Not good: the magnetic field of the Earth is fading -- and fast. It seems to be preparing to flip over. Suddenly, our compasses would point southwards. But will there still be someone around to notice it?

They say it gives you cancer. That it makes the use of electricity impossible, throwing us back into the Middle Ages. It should turn the atmosphere into a deadly brew of toxic gases. That’s how it goes, when suddenly, the Earth’s magnetic field stops -- and flips over.

In case you didn’t know -- the Earth is in fact a giant magnet. Around it, there’s this huge magnetic field, invisible to the eye. It's a force field, really. It protects us against dangerous, incoming radiation from the sun and from deep space. If you’re an incoming space particle, the field will drag you away, and drop you somewhere on the south pole or the north pole. You can see this as it is happening: the rain of space particles is what we call the Aurora Borealis, the northern light.

But every now and then, the magnetic field fades, and flips over. North becomes south, and south becomes north. Such magnetic flip-overs are probably just as common as Ice Ages. On average, they occur once every 250,000. But the last time it happened, it was 780,000 years ago -- so you could say it’s time for the planet to flip again.

The Earth strikes back: the magnetic field pushes radiation from the Sun away

And hold your horses, our world might be doing just that. For at least three centuries, the Earth’s magnetic field has been fading, in an ever faster pace. Right now, it is about 10 percent weaker than it was when scientists started keeping track of it in 1845. Also, there’s the poetically named ‘South Atlantic Anomaly’. That’s a huge chunk of Earth, deep underneath the ocean floor, where the turnover has already begun.

Gladly, the pole shift doesn’t mean the world is about to ‘fall over’ or something, as many people fear. The ice caps won’t suddenly move to Africa. During flip-over, only the magnetic poles change position. You will have to change the name ‘north pole’ into ‘south pole’ and get used to the fact that compass needles point southwards from now on. That’s basically it.

But you wouldn’t be reading this on a site about the end of the world, if there wasn’t some problem, too. When north and south swap, our magnetic space shield will be down for a while. In fact, computer simulations suggest an even more bizarre scenario. For thousands of years, there will be multiple magnetic poles, aimlessly wandering about. There will be a few magnetic north poles lumbering through your backyard, while another magnetic pole -- say, a south pole -- will pass in front of your house.

This will have all kind of bizarre effects. Birds and other migrating animals will lose their way. Ships, airplanes and travelers relying on compasses will get lost, too.

Meanwhile, the night sky is filled with ghostly streaks of colored light -- that Aurora Borealis again, but this time in your backyard. There will be power cuts, as the Earth is hit by solar radiation. Watching TV, listening to the radio or talking over the telephone will become difficult, and sometimes impossible. Communication lines will be downed; satellites will be zapped. There could even be spontaneous outbreaks of fires -- this is what happened during an extreme solar radiation storm in 1859. And back then, the magnetic field was on!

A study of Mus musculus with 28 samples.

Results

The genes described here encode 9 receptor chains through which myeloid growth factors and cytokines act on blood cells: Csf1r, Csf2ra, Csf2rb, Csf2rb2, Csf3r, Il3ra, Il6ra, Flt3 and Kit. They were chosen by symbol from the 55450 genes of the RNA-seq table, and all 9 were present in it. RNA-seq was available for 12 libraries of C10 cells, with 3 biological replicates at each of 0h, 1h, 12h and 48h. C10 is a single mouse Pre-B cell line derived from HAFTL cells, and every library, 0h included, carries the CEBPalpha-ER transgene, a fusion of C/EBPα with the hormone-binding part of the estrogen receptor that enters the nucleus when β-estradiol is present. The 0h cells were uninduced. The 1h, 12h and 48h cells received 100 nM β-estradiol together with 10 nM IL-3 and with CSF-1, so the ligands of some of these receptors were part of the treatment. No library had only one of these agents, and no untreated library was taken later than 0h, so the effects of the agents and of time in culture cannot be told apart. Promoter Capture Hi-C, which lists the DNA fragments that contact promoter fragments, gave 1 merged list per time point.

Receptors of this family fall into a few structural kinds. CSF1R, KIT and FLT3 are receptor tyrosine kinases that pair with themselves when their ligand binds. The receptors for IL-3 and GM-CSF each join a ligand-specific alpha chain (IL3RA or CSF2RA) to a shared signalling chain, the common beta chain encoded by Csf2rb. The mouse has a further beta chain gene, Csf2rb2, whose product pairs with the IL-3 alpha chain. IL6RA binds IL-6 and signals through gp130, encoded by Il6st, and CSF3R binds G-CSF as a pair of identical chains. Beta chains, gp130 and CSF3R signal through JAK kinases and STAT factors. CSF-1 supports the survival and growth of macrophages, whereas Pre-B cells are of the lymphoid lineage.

Meanwhile, your body is zapped, too. The invisibly small space particles shoot through your body, ripping through your DNA. This can give you cancer, or horribly mutated offspring. For several thousands of years, it will be like living next to the crashed nuclear plant of Chernobyl. Well, with the exception that in Chernobyl, you could at least use the telephone!

So gradually, humanity will be reduced to a monstrous, sick, cancerous and demented bunch, right? Well -- perhaps not.

Indeed, all unpleasant effects outlined above are real. But science agrees that they won’t be that severe. The magnetic flip won’t wipe out our civilization, as many doom sayers suggest. Fact is, we can do without our magnetic blanket for a while.

The field

Take a look at the cancers. It is estimated that without magnetic field, we would have 15 extra cases of cancer in every 1 million people a year. That is of course awful -- but hardly catastrophic. Each year, more people die of the common flu!

Without magnetic field, Earth is still protected by its thick atmosphere. If you’re that evil particle from outer space again, you will have to zig zag your way through a thick soup of oxygen, nitrogen and other gases first, before you can finally shoot a human being. Chances are that long before, you will have bumped into an atmospheric gas molecule.

In fact, there are two places where the magnetic field is almost zero already: the north and the south pole. There, the field dumps the space particles it has caught -- right on the heads of the Inuit (Eskimos) and polar explorers. But despite all that, the Inuit and the explorers are doing fine. Even their electricity works.

And if that doesn’t calm you down, consider this. You and I won’t live to witness the next swap. It should take at least a few more centuries, before the poles come marching in.

That being said -- one nightmarish fact remains. In the long run, the magnetic field could indeed kill us all. In a few billions of years, chances are the field shuts down for good because the Earth’s core freezes... But that’s another story!